Start-ups are set to be crucial in reviving Australia’s flagging software sector, according to a senior industry figure.
Malcolm Fraser, CEO of the International Institute of Software Economics, Innovation and Entrepreneurship, says that software industry maturity is related to competiveness.
IISEIE is a not-for-profit organisation focused on driving applied research that both informs and aligns industry-based programs to develop local software economies.
Fraser’s comments come on the back of IISEIE’s release of the 2010 Local Software Economy Maturity Index, which shows the Australian software industry has fallen by one point since 2009.
The index is positively correlated to GDP growth and is closely linked to the Networked Readiness Index of the World Economic Forum, which measures the propensity for countries to exploit the opportunities offered by information and communications technology.
The NRI takes into account a country’s ICT environment, the readiness of individuals, businesses and governments to use ICT, and the usage of ICT.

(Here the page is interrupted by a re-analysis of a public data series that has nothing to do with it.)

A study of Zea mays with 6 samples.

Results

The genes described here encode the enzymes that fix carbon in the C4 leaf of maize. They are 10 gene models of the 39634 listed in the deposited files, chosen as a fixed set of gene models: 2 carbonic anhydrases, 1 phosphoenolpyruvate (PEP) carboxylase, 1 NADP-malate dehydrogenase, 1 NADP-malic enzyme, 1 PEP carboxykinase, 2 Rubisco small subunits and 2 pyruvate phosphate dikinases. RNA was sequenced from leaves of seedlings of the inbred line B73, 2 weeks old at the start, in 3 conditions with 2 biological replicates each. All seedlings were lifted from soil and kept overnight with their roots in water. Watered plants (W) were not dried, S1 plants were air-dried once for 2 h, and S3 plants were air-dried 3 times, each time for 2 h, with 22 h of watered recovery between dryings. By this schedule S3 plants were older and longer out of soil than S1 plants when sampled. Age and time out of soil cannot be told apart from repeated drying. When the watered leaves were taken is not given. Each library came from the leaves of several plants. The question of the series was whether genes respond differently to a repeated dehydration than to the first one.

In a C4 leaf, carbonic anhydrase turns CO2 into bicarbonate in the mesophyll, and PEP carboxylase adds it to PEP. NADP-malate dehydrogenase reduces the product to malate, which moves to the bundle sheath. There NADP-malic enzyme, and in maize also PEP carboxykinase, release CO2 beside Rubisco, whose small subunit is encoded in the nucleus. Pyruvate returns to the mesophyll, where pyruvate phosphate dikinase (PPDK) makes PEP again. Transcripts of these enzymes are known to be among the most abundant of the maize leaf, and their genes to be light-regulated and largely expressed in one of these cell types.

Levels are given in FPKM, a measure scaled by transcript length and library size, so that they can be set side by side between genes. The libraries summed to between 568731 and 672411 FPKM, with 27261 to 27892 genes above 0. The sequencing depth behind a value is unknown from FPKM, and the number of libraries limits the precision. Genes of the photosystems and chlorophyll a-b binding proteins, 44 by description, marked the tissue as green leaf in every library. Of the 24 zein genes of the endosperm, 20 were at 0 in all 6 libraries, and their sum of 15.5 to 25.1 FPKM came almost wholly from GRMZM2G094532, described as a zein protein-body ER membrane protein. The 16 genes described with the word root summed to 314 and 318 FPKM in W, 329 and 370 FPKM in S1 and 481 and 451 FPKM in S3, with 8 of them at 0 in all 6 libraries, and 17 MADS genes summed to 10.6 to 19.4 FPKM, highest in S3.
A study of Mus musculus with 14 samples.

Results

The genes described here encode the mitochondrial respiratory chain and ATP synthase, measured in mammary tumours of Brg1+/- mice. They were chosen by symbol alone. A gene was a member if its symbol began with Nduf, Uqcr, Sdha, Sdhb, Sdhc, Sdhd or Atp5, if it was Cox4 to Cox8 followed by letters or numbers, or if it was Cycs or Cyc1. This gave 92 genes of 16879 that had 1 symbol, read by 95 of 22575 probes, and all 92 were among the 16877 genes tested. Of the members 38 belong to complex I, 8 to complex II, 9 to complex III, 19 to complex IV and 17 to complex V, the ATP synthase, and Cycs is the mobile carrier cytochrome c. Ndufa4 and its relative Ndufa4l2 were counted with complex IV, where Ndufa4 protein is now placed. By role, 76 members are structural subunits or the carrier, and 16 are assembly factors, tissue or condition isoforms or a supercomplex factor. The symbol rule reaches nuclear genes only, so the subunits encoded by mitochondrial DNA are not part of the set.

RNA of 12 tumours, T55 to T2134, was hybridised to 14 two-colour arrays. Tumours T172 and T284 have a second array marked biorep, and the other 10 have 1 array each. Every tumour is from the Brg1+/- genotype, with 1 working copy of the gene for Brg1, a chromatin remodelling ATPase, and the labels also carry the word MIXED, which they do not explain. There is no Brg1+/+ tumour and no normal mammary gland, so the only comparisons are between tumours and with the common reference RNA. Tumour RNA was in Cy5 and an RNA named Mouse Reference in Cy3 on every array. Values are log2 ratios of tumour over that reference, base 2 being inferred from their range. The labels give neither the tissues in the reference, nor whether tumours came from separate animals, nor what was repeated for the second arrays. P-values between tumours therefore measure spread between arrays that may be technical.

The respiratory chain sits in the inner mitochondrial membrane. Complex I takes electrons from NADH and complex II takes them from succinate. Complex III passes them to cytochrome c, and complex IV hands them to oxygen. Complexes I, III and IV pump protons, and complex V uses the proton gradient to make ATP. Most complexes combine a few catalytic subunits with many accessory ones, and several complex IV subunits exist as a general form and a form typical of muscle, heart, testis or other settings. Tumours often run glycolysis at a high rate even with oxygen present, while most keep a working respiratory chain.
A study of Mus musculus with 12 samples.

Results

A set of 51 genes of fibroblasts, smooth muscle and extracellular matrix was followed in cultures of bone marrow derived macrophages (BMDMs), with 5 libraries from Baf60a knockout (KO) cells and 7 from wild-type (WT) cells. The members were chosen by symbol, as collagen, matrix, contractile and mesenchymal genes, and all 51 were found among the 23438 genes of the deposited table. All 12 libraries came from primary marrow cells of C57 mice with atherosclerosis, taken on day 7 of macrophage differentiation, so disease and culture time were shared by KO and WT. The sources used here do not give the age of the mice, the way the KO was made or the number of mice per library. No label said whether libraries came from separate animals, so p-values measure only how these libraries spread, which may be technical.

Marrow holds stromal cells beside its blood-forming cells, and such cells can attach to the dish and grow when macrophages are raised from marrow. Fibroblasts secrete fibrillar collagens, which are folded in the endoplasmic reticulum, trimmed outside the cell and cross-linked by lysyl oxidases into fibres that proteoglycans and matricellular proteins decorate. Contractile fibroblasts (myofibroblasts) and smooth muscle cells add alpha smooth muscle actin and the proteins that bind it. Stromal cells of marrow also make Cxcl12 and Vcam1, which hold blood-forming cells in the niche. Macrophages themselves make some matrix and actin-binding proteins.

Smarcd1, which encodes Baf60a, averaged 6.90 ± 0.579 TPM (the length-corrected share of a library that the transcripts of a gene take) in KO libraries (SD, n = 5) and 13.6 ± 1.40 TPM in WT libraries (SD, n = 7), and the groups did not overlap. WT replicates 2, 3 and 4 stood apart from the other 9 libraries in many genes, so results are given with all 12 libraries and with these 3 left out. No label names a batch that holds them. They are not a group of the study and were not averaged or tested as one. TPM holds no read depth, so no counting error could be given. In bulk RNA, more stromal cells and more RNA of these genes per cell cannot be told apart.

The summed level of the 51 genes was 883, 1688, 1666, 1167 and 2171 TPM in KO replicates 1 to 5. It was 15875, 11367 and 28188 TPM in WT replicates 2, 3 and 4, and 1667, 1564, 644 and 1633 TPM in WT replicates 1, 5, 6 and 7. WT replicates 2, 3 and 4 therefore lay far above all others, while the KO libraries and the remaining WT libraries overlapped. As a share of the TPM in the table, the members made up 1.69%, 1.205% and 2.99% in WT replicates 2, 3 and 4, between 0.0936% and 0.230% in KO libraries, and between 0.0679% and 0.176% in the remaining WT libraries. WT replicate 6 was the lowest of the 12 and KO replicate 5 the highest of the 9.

The IISEIE’s report on this year’s index notes that ICT production contributes to output, employment, and export earnings while ICT use increases productivity, competitiveness and growth.
According to the report, Australia is ranked 31st in the world for the maturity of its software industry, down from 30th place in 2009. Switzerland has maintained its number one ranking while the United States has overtaken Israel by moving from third to second place.
Fraser says within the ICT industry, the software segment is the fastest-growing sector, which start-ups should respond to.
“For countries to continually increase the maturity of the software industry and increase economic growth, start-ups need to develop applications that are relevant to local companies and industry,” he says.
Fraser says there is an opportunity for start-ups to cater for the SME market, particularly around cost-effective cloud-based solutions such as online accounting and contracting systems.
“Start-ups don’t need to engage expensive market research companies [to determine what SMEs need]. All they have to do is put five dollars in their pocket, go down the road, find a business owner and ask them if they want a cup of coffee,” Fraser says.
“You’re not trying to sell them something – you’re just asking them what keeps them awake at night [with regard to their business].”
“If one SME has a particular issue, you then go and ask the same question to half a dozen other companies and very quickly you will be able to gauge demand.”